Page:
There is well earned skepticism toward the NIH and public health agencies and then there is nihilism.I mean, the consequences might be as bad as the consequences for the billions 'lost' in Afghanistan. In other words, zero consequences.
I don't think the NIH is the CDC of the 90's. They are much more effective at hiding their corruption and putting a facade of decency on it. The CDC of the 90's was amateur hour by comparison.
On the upside, the $1 billion WILL be spent. On the downside, they'll likely find out nothing and bemoan a lack of funding once they've burned through that money. Didn't NYU get $470m in one fell swoop for their RECOVER study where they're now tasked with distributing (stealing) that money? I mean, I'm sure there's only like $70m left once they came up with that snazzy acronym. Acronyms like that aren't cheap.
In all seriousness, rather than studying manageable patient cohorts, the lion's share of this money will go toward administrative costs of attempting to steer this behemoth. They will end up with the most expensive databases of nonsense in the history of modern medicine. In five years, they'll announce that antihistamines and gabapentin seem helpful.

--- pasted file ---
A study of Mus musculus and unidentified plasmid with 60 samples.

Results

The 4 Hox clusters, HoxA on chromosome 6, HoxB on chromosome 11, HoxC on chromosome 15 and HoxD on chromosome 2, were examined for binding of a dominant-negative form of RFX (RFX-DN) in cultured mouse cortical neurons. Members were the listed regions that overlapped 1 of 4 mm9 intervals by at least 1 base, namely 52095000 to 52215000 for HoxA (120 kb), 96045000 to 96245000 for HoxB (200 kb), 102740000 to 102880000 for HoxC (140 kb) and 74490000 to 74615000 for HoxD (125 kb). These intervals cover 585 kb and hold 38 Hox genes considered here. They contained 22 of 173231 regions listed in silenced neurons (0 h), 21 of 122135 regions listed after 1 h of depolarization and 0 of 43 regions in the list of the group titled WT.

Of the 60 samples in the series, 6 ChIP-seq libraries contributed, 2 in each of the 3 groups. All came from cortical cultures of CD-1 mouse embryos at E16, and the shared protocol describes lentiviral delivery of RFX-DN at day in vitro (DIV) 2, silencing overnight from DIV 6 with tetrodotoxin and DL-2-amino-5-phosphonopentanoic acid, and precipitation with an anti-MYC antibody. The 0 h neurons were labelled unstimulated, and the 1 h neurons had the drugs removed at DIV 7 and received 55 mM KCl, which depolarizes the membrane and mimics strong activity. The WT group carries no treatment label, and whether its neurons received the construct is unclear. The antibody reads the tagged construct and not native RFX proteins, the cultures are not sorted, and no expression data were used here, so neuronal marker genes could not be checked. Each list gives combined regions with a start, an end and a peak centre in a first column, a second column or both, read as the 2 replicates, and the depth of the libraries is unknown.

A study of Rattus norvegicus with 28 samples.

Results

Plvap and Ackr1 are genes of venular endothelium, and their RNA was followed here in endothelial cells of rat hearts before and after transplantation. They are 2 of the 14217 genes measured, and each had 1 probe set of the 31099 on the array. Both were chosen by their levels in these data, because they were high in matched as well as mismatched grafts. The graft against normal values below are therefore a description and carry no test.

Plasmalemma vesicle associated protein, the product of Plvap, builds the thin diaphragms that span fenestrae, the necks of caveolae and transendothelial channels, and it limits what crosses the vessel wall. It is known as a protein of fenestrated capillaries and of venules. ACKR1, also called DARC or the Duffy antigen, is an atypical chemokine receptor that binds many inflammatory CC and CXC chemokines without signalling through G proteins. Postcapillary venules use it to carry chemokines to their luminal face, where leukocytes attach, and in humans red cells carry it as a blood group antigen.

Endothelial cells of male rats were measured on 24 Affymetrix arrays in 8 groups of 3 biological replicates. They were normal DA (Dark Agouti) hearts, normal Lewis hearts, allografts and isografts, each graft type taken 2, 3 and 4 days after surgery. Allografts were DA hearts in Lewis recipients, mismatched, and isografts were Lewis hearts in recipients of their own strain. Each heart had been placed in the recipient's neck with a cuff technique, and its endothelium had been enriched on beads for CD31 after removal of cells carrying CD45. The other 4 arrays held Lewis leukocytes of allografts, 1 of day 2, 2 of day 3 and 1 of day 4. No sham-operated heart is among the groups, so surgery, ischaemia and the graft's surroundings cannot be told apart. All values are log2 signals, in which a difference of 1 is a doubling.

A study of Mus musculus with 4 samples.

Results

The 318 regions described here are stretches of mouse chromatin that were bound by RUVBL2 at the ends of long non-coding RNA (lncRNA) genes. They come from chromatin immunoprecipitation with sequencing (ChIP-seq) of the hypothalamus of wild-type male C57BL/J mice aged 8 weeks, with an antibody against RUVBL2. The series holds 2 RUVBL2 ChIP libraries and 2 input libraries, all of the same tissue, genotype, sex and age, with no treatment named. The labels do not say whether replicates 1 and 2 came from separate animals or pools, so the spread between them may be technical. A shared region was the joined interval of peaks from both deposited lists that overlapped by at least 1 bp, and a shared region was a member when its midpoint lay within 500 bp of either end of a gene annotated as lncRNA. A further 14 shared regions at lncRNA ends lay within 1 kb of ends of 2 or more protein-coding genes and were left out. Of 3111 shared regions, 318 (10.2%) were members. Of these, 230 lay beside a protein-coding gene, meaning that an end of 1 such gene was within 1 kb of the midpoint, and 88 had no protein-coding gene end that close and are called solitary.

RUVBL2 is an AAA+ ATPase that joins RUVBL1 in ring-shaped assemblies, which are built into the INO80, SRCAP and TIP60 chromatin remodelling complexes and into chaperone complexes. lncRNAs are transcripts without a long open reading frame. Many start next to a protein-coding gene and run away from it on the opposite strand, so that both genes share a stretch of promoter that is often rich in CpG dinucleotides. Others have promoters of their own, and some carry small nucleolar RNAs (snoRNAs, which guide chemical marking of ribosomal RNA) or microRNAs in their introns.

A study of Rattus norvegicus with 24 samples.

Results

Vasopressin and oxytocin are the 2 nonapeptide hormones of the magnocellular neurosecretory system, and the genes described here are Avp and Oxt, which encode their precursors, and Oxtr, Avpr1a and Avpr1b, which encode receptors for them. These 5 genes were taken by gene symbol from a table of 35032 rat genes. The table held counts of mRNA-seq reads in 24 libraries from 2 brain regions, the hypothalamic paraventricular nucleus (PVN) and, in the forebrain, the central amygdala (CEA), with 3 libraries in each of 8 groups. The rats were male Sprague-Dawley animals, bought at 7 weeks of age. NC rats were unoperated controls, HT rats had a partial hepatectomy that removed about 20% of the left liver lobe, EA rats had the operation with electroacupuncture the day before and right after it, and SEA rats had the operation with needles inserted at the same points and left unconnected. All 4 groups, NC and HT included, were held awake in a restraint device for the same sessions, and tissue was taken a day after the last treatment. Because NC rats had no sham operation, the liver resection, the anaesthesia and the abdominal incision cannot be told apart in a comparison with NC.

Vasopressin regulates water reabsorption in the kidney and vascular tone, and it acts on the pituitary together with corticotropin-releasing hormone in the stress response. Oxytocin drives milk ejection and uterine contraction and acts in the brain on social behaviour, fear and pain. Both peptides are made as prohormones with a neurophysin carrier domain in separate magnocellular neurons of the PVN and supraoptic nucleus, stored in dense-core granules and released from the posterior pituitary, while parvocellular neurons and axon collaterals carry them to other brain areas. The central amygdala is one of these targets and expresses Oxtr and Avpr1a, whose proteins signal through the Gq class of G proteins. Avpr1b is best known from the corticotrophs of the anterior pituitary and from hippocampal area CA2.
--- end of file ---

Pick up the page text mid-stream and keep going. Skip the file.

There have been small steps forward but rhey were steps forward. The IOM report was a big change in viewpoint at all the public health agencies . And even if there is major opposition by them why not protest like aids groups did. We can't simply give up. If I gave up hope on NIH funding I would [thing I can't talk about on this forum]. That's why I don't think that kind of blackpilled rhetoric is totally helpful. Do you want to encourage people to "give up" totally?